Kevin Leavitt wrote:
I can think of many things I'd find more effective than classic shomenuchi. Sure, all the elements of a proper attack are there if you do it correctly. However, the way it is traditionally practiced as a telegraphic attack with your hand raised over your head, is what I was referring to. The way I think of it...Shomenuchi is a training affect.
I would imagine what you are reffering to would be maybe a hammer fist? I would have to work with you to see what you are talking about. If it works for you...go for it!
Actually, I did mean with Shomenuchi as traditionally practiced. However, I don't find it telegraphic since if done correctly, it should be done as aiuchi. If the person does block it, as I hope they do, it flows directly into ikkyo. Generally, I tend to ask all Yudansha above Nidan to do shomenuchi ikkyo with nage initiating the ikkyo through shomenuchi. Just like I ask them to initiate yokomenuchi techniques with nage doing the yokomenuchi.
As a strike that comes off the back foot rather than the front, it requires the person defending against shomenuchi to move angularly rather than linearly or laterally. As such it is not as easy to defend against than an attack that comes off the front foot and hand due to its extremely long reach and ability to execute a second technique that also covers a long distance.
As for telegraphing, if it is done as aiuchi, it really doesn't matter. I found that while it is a very difficult technique to master, shomenuchi is the strongest attack very much like in Kendo. It is much easier in Kendo to get a point with a Koteuchi but once Menuchi is mastered, it is a much stronger attack. The commitment to the attack must be there and the person being attacked must be read carefully for the point of vulnerability but if Menuchi is done correctly, it cannot be stopped unless the person taking the Menuchi is able to join with the attack. I think that is why O'Sensei stressed Shomenuchi so much. The only way to stop a well-timed and committed Shomenuchi attack is to join with the attack, and that is very difficult to do. Likewise in Kendo at the higher levels, the best defense for a well-timed Menuchi attack is Aiuchi Men.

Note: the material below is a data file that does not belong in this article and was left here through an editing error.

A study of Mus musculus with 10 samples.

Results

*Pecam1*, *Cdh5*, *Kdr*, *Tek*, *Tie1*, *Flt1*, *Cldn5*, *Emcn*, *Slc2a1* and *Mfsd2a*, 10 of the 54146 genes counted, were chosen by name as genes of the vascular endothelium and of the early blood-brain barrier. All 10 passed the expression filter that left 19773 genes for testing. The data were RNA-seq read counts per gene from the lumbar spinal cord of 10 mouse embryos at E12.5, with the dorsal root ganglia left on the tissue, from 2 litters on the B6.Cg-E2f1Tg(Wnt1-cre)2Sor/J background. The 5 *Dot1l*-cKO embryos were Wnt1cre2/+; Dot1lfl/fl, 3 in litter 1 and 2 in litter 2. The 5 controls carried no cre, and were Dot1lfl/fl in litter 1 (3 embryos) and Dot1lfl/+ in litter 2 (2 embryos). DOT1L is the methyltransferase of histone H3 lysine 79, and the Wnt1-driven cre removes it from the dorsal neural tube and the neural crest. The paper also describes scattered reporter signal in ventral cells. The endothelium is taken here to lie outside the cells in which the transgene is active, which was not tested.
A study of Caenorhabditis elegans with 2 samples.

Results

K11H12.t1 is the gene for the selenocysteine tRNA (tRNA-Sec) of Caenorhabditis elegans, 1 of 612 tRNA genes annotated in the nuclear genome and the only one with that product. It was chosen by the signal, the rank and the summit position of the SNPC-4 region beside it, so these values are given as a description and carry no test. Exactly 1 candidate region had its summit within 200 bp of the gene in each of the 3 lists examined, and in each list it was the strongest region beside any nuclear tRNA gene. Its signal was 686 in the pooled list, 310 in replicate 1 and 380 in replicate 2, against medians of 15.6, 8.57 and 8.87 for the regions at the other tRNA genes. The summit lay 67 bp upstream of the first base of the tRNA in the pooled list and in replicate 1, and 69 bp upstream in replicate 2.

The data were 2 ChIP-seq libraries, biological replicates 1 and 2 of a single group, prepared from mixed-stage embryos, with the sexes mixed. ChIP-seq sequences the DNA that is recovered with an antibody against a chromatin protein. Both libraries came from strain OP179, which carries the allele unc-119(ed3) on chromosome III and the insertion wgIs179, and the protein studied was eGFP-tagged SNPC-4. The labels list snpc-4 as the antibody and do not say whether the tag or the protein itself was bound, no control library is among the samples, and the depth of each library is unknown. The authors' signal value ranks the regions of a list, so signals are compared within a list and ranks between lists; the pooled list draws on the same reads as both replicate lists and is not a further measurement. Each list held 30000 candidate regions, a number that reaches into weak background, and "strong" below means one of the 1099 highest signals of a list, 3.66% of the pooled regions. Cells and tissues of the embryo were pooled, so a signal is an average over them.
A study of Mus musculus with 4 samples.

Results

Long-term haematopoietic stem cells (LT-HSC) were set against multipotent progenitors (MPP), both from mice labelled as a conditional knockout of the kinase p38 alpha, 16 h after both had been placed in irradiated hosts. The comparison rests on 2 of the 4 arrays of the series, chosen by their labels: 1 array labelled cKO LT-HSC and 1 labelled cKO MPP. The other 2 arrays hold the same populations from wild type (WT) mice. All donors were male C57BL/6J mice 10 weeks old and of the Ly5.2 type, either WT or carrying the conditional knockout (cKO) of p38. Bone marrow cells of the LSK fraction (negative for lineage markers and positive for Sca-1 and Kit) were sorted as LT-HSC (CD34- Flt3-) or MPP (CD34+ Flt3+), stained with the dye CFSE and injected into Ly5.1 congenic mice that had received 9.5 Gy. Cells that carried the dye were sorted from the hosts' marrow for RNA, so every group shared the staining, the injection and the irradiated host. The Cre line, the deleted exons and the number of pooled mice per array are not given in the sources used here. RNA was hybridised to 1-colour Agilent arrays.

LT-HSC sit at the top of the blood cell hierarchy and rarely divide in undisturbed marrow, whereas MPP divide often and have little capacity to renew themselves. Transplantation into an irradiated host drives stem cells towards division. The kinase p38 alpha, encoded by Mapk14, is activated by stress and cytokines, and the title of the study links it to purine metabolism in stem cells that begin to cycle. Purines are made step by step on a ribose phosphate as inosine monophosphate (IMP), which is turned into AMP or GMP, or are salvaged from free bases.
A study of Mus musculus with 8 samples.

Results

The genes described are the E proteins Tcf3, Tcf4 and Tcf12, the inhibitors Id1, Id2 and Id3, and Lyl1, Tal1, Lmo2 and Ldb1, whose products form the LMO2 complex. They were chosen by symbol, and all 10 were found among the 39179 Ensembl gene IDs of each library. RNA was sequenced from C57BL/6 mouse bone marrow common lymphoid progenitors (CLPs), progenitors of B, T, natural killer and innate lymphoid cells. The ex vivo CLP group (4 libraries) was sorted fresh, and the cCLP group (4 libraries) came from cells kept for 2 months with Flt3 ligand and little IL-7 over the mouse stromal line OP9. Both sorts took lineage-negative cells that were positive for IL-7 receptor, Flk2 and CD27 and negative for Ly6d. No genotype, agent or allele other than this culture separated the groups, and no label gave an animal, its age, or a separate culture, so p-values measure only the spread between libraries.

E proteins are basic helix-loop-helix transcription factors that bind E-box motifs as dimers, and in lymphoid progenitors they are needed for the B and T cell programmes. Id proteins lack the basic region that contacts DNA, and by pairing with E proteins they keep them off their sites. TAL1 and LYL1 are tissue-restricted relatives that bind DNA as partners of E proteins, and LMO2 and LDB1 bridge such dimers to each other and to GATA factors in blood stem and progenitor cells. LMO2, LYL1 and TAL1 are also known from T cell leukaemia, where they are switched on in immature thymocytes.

Shomenuchi is so important, as well, since it is the basis for almost all the other attacks including Yokomenuchi, Morotetori, Katatetori, all the Ushiro attacks, the Shimewaza attacks, Katatori and Munedori attacks, Tsuki, Maigeri, etc. They all have their basis in Shomenuchi.
Just finished class, in fact, where we did a Shomenuchi defense to a Jodan Tsuki before converting it to Iriminage.